Explained: Why Israelis are protesting against Netanyahu’s ‘legal coup’?

Explained: Why Israelis are protesting against Netanyahu’s ‘legal coup’?

Updated: 1 month, 4 days, 8 hours, 15 minutes, 36 seconds ago

Israeli Prime Minister Benjamin Netanyahu (Photo credit: AFP)

Netanyahu’s ultranationalist, far-right coalition government has brought a bill in the Knesset to carry out judicial reforms which critics believe will undermine Israel’s democracy

The story 

A slew of legal reforms proposed by Prime Minister Benjamin Netanyahu has triggered mass protests with tens of thousands of Israelis staging demonstrations, including outside the Knesset, the country’s Parliament.

In some of the biggest pro-democracy demonstrations witnessed by the country in recent years, the new reforms are feared to weaken Israel’s democracy, an argument rejected by Netanyahu’s government, even though President Isaac Herzog has warned of “constitutional and social collapse.”

US President Joe Biden has also delivered a rare, unambiguous message to Netanyahu: “The genius of American democracy and Israeli democracy is that they are both built on strong institutions, on checks and balances, on an independent judiciary. Building consensus for fundamental changes is really important to ensure that the people buy into them so they can be sustained.”

The script 

Israel has no Constitution and the functions of Israel’s higher judiciary are listed in Basic Laws: The Judiciary. 

Netanyahu’s ultranationalist, far-right coalition government has brought a bill in the Knesset to amend the law on Judicial Selection Committee (JSC) which critics believe will undermine Israel’s democracy. 

The bill, which proposes amendments for the first time to Israel’s laws since its founding, has passed the committee vote already and it is set to face the first reading in the Knesset on either Wednesday or next Monday. 

Under the new bill, the government will get a majority on the JSC while making the quasi-constitutional Basic Laws immune from judicial oversight. In other words, the bills approved by the Knesset will automatically become law, even if the judiciary or activists might not approve of them.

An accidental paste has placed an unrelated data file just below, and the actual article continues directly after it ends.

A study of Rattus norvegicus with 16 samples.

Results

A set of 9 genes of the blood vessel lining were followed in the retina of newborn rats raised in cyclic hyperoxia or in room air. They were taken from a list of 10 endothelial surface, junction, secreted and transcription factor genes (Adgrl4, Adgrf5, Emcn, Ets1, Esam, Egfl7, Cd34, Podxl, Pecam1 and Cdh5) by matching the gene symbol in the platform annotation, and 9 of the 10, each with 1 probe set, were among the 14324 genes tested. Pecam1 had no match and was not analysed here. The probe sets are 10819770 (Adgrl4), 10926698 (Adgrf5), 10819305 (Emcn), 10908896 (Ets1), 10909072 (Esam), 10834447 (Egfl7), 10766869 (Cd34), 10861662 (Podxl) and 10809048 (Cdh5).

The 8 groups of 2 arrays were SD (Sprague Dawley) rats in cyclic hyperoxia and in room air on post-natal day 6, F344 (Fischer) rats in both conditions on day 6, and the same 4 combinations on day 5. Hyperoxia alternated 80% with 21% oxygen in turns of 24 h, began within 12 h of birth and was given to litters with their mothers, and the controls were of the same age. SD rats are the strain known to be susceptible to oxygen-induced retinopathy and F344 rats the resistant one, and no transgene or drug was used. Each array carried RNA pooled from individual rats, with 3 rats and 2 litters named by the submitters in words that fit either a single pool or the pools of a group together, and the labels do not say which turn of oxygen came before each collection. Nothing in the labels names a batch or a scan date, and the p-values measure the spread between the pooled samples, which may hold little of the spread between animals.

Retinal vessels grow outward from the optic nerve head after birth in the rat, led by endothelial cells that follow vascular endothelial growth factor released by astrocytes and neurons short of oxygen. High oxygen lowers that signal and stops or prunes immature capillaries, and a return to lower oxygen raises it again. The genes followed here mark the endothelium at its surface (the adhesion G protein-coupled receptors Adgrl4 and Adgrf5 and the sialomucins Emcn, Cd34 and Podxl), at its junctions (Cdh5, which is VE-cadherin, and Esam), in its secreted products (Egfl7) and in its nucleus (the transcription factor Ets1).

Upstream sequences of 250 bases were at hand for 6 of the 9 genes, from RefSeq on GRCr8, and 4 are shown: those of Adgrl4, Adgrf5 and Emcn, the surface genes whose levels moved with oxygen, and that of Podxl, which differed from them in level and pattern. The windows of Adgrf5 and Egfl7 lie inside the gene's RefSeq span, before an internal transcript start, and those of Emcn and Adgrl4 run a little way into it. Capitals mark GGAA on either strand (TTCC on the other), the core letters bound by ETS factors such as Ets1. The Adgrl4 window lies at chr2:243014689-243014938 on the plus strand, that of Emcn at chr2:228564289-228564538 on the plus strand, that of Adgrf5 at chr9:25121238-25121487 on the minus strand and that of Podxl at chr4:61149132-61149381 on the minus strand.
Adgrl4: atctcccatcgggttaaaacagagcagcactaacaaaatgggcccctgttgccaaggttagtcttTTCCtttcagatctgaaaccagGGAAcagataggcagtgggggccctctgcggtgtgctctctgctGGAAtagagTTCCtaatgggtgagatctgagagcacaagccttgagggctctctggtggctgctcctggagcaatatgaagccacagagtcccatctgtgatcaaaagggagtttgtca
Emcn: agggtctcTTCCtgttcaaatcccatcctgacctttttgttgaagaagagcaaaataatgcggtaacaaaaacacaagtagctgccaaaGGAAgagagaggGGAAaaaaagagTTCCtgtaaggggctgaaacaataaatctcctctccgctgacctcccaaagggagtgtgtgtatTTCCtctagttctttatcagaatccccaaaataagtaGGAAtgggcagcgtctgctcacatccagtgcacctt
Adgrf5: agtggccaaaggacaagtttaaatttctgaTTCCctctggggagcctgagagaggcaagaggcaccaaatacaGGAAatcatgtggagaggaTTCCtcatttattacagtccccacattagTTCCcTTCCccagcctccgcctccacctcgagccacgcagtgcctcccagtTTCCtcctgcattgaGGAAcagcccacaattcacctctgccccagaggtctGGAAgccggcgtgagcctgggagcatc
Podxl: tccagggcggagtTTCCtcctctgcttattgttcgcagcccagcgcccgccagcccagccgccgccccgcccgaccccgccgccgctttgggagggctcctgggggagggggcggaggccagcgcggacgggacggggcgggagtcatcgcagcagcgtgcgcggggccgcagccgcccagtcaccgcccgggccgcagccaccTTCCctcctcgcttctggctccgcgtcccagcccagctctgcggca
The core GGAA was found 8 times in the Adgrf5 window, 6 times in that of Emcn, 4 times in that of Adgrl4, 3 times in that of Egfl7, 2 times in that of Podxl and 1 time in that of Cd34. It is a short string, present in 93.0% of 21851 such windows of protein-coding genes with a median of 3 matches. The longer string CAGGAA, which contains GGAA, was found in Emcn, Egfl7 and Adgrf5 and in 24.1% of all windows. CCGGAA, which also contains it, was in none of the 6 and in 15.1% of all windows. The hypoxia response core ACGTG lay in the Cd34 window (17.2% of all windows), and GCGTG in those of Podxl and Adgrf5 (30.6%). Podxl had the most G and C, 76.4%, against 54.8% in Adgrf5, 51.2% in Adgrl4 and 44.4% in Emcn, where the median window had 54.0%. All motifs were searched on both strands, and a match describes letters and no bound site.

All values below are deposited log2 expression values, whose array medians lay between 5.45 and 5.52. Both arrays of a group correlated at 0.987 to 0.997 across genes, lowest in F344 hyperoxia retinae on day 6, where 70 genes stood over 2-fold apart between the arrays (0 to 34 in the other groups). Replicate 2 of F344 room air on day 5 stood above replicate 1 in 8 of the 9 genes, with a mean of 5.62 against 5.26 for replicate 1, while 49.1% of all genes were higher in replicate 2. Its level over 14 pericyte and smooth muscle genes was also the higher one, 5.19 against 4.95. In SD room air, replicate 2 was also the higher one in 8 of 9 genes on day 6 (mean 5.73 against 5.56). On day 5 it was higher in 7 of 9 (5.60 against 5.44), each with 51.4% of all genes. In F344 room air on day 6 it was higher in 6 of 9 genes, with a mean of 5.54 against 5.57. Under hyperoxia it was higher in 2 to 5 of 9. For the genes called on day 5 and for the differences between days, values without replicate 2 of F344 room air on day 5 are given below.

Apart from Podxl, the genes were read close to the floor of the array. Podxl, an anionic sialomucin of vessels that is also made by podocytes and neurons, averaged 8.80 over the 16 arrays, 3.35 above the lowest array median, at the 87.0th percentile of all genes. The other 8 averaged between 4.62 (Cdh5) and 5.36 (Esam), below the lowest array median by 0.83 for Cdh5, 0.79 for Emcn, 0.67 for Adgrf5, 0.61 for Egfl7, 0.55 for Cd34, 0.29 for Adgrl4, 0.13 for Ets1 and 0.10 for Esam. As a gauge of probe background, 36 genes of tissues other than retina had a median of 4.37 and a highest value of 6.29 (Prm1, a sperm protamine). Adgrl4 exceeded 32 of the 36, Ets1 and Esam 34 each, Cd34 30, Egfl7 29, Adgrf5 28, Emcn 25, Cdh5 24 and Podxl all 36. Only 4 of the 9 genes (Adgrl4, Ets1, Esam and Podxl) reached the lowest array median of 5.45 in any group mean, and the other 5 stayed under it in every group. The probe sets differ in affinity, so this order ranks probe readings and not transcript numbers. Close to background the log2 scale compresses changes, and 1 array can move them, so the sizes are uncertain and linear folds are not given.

Explain more, please

Once the committee vote is approved, the bill is brought to the Knesset for the first reading, which will happen this or next week. After the first reading and a vote, it will be sent to the Knesset’s Constitution, Law and Justice Committee which has formulated the bill. 

The Committee will again send the bill to the Knesset for second and third readings before it is formally passed into law. 

Despite President Herzog’s warning, the Committee chief Yulia Malinovsky has said that the government has no plan of deferring the bill, though the government has indicated that it was open for deliberations. 

It is only the first part of a series of judicial reforms proposed by Netanyahu’s government. 

What are other proposed changes? 

The government has worked out another set of judicial reforms which proposes restricting the High Court’s power to review legislations while empowering the Knesset to override the court’s decisions, were the court to strike down any legislation approved by it.

The reforms also propose making legislations immune from judicial review at the beginning of the legislative process and bar the court from reviewing decisions of the government and its agencies. Once the legislations are passed, Israel’s courts will lose the power of oversight on Parliamentary processes. 

What drove the changes? 

Supporters of Netanyahu believe that the country’s higher judiciary has arrogated to itself powers which were never granted to it and have not got the approval of the country’s lawmakers or the public. Repeated “interferences” by the government in the country’s policy haven’t gone down well with the ruling coalition. 

For example, there is no bar on lawmakers from being appointed to ministerial positions in Israel. But the country’s Supreme Court last month invalidated the appointment of Aryeh Deri, leader of the Shas party in Netanyahu’s far-right coalition, who has been convicted in criminal cases and tax offences.  

Why is it big?

The proposed reforms will effect fundamental changes in Israel’s democracy with the detractors terming it as a legal coup by Netanyahu which will put his country in the league of nations such as Russia and Turkey led by autocrats. 

In the process, critics believe that Netanyahu might also use the so-called reforms to save himself from an ongoing corruption trial against him.

A poll has suggested that more than 60 per cent of Israelis want the government to halt or delay the proposed reforms till a larger consensus is reached. Given the scale of protests that have been taking place in the country in recent days, there are fears that the proposed legislation may spark civil strife in the country.

If the bill turns into law, it might also damage Israel’s relationship with the US, as Biden noted in his message, and other democratic countries.